As COP26 approaches, Brevia will be tracking the latest milestones in the UK’s preparations for the upcoming climate conference. This week’s developments cover UK Business Commitments to Net Zero, the Global Investment Summit, and UK Tidal Power.
As COP26 approaches, Brevia will be tracking the latest milestones in the UK’s preparations for the upcoming climate conference. Three developments this week: North Sea Transition Deal Published, Financial Regulators to consider New Zero in decisions, and Crown Estate developments.
As COP26 approaches, Brevia will be tracking the latest milestones in the UK’s preparations for the upcoming climate conference. Each week, Brevia will take a closer look at three key policy developments and announcements from both Government and Industry on the road to COP26
Brevia Consulting has appointed Mike Thompson as Chairman of Brevia Health and a member of its Advisory Board. Mike brings over 25 years of experience in the Life Sciences sector including, most recently, as CEO of the Association of the British Pharmaceutical Industry (ABPI) and in senior roles at GSK.
With COP26 now less than 250 days away, the Government is ramping up its preparations ahead of what is earmarked to be the most significant climate event since the Paris Agreement, as well as the largest summit the UK has ever hosted. This presents those operating in the low carbon sector with a number of opportunities, as the Government will be on the lookout for businesses with projects that it can use to demonstrate UK leadership in tackling climate change.
Last week, we learned the results of Labour’s 2020 National Executive Committee (NEC) elections. The contest has important implications for the Party, and indeed Keir Starmer, as the NEC oversees overall direction of the Party and its policy making processes.
Before the coronavirus crisis, the UK Government was in the process of looking into online harms and formulating legislation to combat them, with the proposed measures designed to be the ‘first of their kind’. The emergence of coronavirus has highlighted the full breadth of online harms and their potential for damage, and accelerated the Government’s appetite to respond.
Some of the most dramatic effects of the Covid-19 outbreak and the response measures it demands have been on modes of transport. Airlines have been grounded, discretionary domestic travel is discouraged and the use of public transport is advised against. Instead, the Government has promoted cycling and walking as a form of safe, socially distanced travel. With the consequences of the virus expected to persist for a ‘long period of time’ transport policy is shifting to keep people moving.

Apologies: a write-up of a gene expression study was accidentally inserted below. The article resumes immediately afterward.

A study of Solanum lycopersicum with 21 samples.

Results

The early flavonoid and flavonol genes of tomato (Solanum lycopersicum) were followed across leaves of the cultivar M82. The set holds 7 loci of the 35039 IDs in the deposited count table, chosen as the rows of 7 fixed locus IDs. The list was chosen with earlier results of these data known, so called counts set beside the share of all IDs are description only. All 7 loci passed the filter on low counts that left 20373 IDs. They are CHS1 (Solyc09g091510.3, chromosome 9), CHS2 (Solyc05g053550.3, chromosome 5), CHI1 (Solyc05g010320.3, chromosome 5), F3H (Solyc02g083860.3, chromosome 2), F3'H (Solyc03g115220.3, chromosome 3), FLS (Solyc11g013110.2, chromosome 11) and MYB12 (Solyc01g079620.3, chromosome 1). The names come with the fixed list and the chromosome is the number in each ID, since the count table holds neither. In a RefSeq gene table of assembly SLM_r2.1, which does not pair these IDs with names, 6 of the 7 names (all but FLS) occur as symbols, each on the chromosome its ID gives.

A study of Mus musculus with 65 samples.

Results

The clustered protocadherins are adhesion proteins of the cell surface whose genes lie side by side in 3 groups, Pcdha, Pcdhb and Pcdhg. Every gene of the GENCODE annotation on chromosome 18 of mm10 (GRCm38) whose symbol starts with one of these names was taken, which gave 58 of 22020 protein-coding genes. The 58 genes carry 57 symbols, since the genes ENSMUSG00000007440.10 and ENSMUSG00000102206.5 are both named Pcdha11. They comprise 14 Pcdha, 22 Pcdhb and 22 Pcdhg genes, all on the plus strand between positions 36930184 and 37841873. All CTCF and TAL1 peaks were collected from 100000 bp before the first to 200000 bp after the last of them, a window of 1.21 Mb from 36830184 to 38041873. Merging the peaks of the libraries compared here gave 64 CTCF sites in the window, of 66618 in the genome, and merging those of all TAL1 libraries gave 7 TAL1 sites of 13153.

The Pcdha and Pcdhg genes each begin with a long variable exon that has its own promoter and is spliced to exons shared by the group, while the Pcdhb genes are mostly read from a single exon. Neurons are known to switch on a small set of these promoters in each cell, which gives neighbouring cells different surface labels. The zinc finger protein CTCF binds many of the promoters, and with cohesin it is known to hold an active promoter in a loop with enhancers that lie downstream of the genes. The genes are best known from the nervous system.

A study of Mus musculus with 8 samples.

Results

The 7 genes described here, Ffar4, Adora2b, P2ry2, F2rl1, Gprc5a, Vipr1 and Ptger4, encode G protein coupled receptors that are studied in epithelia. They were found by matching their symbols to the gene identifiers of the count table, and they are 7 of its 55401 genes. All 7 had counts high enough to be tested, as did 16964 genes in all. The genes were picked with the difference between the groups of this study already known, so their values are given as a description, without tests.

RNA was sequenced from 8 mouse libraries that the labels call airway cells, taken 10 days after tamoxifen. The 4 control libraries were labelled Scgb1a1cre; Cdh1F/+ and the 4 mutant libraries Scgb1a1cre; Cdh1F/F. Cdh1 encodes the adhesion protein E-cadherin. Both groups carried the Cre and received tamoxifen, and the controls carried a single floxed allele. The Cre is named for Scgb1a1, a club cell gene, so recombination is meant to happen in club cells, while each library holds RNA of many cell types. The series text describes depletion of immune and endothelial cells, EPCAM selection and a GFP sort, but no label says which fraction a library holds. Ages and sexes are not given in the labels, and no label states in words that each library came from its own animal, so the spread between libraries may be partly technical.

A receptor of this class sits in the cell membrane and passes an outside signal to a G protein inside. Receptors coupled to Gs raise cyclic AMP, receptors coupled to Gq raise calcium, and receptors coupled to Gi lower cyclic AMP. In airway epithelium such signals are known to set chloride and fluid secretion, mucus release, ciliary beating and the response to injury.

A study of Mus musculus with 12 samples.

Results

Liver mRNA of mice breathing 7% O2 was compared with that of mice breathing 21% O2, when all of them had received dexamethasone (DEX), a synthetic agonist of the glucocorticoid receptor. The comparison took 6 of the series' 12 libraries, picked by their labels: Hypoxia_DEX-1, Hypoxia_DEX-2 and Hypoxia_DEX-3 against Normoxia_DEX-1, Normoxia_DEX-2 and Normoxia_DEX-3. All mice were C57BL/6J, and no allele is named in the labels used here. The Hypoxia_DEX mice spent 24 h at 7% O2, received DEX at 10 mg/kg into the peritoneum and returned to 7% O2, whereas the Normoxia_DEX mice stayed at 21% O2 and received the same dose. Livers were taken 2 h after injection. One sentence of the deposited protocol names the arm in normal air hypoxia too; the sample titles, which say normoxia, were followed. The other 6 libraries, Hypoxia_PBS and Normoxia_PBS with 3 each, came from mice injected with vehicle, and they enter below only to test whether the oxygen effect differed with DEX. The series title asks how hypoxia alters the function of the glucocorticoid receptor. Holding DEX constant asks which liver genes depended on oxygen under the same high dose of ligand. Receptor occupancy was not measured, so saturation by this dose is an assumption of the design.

It has been announced that Jacobs, a Dallas headquartered energy consulting, engineering and construction services firm, has been awarded several contracts with an estimated combined value of $25 million. The contracts were awarded by Fusion for Energy (F4E), the ITER Organization and the United Kingdom Atomic Energy Authority (UKAEA) in order to support leading-edge research in fusion energy.
Since the outbreak of COVID-19, EDF Energy has introduced a series of measures to ensure its employees are protected against the virus. Not only has it significantly reduced activity on its Hinkley Point C site from 4,000 to 2,000 workers, but it has also instituted extra cleaning, working from home, banning visitors, temperature checks, and bringing in more buses to allow workers to stay apart.
Following the Cabinet and ministerial reshuffle and the election of Select Committee chairs and their members, Brevia Consulting has compiled a list of the key political stakeholders in relation to transport policy.
This week, the Government stepped in to save the regional airline, Flybe, from collapse. Having won a majority by gaining votes in nearly every region of the UK, the intervention symbolises Boris Johnson’s stated desire to ‘level up’ the country.